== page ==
Atlanta Roofing-What Are The Black Stains On My Roof?
If you see black stains on your roof, especially on the north side of the house, the Atlanta roofing experts will tell you, it is most likely a form of algae known as Gloeocapsa magma. This is a particularly hardy variety and it is hard to get out of tiles, shakes and asphalt shingles because their surfaces are porous. It may start out as almost undetectable spots, but before long, the algae plants can grow and spread over your roof.
This algae likes moisture and humid climates, but it can grow anywhere in the USA. People call Atlanta roofing contractors all the time asking what the dark streaks and stains are on their roof. Many think their shingles are discoloring because they are not made well. Few are excited to hear it is algae.
If left untreated, algae can seep down into the insulation, the under deck wood and into your home. If you have a recently built home with fiberglass shingles, or have just replaced your older asphalt roof shingles with the newer, lighter ones, they most likely have limestone in them. Limestone is especially susceptible to algae formation. The algae spores could have been lying dormant on the old roof, waiting until they had a substance onto which they could thrive.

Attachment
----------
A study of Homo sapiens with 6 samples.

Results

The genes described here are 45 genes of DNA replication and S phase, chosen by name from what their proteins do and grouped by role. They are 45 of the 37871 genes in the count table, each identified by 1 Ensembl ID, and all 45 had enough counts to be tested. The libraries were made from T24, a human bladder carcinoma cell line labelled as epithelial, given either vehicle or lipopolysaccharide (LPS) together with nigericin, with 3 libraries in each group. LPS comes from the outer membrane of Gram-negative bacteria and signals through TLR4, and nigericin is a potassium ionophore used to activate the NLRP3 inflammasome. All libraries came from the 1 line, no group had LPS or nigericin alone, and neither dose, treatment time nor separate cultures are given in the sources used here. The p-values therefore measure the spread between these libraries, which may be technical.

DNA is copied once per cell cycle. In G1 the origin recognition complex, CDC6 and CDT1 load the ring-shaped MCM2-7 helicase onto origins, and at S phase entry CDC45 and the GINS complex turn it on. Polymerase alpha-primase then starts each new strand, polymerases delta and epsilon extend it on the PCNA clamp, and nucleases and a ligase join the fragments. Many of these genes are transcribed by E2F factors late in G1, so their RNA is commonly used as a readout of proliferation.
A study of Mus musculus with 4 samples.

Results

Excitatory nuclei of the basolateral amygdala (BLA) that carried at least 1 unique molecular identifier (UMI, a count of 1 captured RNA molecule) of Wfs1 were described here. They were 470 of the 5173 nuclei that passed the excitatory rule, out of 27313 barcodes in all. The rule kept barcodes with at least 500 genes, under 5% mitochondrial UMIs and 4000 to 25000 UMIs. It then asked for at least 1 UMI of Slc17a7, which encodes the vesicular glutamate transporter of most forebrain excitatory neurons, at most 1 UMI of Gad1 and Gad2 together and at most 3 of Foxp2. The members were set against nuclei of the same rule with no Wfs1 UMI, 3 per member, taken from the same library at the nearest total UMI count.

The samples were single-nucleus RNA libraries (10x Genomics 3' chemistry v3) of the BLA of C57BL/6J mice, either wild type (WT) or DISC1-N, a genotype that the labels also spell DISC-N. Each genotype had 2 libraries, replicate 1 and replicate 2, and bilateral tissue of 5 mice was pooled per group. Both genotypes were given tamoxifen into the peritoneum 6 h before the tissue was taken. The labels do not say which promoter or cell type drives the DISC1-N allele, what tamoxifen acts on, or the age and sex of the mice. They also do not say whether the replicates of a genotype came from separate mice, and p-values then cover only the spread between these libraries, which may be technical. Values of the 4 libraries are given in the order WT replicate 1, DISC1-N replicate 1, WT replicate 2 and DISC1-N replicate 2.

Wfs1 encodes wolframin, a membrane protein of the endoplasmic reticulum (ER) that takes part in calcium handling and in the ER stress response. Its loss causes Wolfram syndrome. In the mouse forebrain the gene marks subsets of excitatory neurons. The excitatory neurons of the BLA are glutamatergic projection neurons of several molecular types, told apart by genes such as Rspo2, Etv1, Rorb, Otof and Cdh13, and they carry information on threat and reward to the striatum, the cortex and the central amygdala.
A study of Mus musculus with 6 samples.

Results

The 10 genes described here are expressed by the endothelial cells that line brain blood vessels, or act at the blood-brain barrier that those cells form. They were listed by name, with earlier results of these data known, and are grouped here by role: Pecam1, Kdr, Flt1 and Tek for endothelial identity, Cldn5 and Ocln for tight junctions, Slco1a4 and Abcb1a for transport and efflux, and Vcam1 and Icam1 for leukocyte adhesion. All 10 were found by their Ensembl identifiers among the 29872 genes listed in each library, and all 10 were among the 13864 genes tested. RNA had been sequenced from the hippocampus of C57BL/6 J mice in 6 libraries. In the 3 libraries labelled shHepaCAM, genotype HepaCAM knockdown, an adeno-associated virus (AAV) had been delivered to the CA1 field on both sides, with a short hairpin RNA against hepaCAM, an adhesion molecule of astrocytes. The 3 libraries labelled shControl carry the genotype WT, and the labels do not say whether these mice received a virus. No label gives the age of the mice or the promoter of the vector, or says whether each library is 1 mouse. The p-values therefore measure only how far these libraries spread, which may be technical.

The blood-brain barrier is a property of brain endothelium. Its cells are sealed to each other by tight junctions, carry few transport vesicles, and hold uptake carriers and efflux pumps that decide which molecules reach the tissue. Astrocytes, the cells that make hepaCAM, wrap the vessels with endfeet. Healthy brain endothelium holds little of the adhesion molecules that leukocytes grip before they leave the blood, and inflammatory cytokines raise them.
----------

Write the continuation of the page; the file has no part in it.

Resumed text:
But there are ways to kill off algae. Zinc and copper are poisonous to it.
An Atlanta roofing contractor can install copper strips along the peaks of your roof.
Then, when it rains, a bit of it will cascade down and deter the algae from spreading. A professional Atlanta roofing contractor can lay a row or two of copper stripping under the shingles at the cap of the roof. The trick is to slide the copper sheet about five inches under the shingle, leaving about two inches exposed to the elements. Another way is to buy new fiberglass shingles with copper granules built right into them.
Finally, if you do see dark streaks, clean the roof with the use of a deck cleanser. Just be sure to choose one with oxidizing bleach in it – but not chlorine bleach. The fumes from chlorine bleach can be hazardous to your lungs. On a cloudy but dry day, mix the cleanser with water, following the instructions on the label. Spray the roof down with it. Try not to let it dry, but allow it to soak for about thirty minutes. Then scrub it with a brush in the direction of the slope and rinse the roof thoroughly. Never spray up under the shingles where water can accumulate and seep into the attic. Always rinse down the slope to the eaves and make sure none of the water pools in the valleys of the roof.
One word of caution – be very careful. Wet roofs are slippery roofs. Please wear a safety harness at all times.